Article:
The other day as I was driving north on Telegraph Avenue in Berkeley, my eyes took a sharp look on my left (no worries, my driving skills were intact). I saw junk. Several junk scattered across the front yard of a Victorian house. This type of sighting is highly common for the Bay area. It always trigger my artistic passion. The potential in finding a holy grail in the remnants of unwanted items-- oh my, exceed than what I could have expect. All that savaging, searching, and browsing! Yes, I do sometimes get overexcited (like that time when a dear friend and I dove in a bookshelves full of folklore and all of the books fell on us) and therefore, I must try to be gentle.
I love to see what creativity lies in such a place like this. A red mannequin holding a microphone while flaunting a Viking hat seems to be nodding at me. "Fantastic," we silently agreed. I lurked under a spider's stringy masterpiece, toe-tipped around the unorganized bulky papers, and sneezed near the dusty asymmetrical, broken scraps. I suddenly felt like that girl who found the secret garden. Magnificent!
My heart fluttered while I tried to take everything in with my nearsighted glasses. My brain is questioning too much, "Who, what, how did those items got here? And from where?"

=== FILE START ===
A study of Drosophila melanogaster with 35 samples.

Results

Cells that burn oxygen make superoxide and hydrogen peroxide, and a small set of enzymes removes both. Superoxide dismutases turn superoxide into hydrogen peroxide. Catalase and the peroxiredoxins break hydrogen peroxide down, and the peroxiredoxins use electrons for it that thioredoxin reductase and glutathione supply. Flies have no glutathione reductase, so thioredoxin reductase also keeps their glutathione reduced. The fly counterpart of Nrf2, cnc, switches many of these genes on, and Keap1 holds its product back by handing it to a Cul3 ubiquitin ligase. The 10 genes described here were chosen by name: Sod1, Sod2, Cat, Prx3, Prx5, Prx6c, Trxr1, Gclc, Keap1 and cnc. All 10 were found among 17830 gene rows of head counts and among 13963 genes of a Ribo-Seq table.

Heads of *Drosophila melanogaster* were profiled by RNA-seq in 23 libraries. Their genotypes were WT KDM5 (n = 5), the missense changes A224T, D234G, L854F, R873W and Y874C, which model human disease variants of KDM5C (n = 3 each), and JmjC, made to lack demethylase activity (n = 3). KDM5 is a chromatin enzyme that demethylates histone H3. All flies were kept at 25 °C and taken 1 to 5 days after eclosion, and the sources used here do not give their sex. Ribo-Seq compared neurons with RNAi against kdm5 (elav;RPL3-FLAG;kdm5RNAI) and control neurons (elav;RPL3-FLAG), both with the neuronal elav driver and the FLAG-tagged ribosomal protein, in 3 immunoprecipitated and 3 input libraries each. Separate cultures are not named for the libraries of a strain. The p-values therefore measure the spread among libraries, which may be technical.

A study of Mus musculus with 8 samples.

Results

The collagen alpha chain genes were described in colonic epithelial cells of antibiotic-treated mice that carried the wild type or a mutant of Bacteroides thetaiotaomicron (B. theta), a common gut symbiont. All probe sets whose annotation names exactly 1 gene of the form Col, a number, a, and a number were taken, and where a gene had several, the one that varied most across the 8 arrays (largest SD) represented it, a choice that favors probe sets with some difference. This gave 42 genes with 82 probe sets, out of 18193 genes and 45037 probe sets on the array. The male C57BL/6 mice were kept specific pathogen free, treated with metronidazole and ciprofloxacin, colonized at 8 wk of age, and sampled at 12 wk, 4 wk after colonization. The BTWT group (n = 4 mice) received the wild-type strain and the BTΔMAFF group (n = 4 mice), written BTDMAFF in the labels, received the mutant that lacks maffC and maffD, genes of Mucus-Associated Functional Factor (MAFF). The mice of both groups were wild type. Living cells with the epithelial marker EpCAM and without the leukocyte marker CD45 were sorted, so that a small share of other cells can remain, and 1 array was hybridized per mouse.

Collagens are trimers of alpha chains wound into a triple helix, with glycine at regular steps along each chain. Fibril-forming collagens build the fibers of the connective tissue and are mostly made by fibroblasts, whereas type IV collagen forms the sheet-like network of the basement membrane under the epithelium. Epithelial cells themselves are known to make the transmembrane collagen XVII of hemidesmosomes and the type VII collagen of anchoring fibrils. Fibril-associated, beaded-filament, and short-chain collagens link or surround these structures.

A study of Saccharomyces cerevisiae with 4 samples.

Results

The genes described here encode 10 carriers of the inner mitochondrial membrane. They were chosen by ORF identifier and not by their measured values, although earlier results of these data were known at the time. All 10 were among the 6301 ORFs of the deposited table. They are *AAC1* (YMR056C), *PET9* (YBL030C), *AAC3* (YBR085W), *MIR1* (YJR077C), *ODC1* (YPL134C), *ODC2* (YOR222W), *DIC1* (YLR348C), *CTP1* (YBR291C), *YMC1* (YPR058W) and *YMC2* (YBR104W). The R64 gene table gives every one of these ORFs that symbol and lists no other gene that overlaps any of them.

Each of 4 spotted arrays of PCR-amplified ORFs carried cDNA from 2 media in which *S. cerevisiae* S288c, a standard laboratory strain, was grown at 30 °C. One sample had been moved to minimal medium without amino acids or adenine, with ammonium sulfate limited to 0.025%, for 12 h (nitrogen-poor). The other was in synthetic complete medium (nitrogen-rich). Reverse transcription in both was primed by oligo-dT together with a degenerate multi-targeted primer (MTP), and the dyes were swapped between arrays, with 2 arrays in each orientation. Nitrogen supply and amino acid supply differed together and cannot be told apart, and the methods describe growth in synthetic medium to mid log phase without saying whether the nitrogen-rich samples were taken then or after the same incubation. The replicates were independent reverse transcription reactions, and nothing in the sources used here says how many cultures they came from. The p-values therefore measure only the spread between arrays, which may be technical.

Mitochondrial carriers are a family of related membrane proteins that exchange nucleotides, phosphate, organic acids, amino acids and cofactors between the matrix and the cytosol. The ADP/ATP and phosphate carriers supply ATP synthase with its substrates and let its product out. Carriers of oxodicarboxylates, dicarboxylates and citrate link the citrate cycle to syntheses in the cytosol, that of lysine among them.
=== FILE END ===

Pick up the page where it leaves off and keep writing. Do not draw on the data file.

I frequently made up stories for each item I studied. Did the old owner lost the lovely mirror? Did the previous sad keeper had to gave up that typewriter because it reminds her too much of the torrid affair she had with her best friend's boyfriend? What if that antler trophy was just a lie and it was actually the deer he struck with his Lands Rover but he just was trying to win the approval of his fiancée’s dad?
All the thoughts went out back of my head the second I found a specific, rare book. A biography book titled, 'Beardsley'. I gasped, shuddered a bit, hands tightened on the edges of this very book. Is it the Aubrey Beardsley biography I have been searching for a long time? I silently prayed to the spiritual energy around me to bestow upon me the inspiring gift possible...
"John Keats," were the first few words I saw when I opened the book. Those two words ensured it was the Aubrey Beardsley biography I have been looking for.
I exploded right there. Bits of my brain and my heart all out over the dusty items. Some skin pieces fell through the masterpiece, destroying weeks of work by a devoted spider. My collarbone landed on the rejected typewriter. My left arm joined the red mannequin. The antlers caught my torso. The old lady who lives in the Victorian house slowly waddled and arrived to the source of explosion and sighed, "Oh, not again."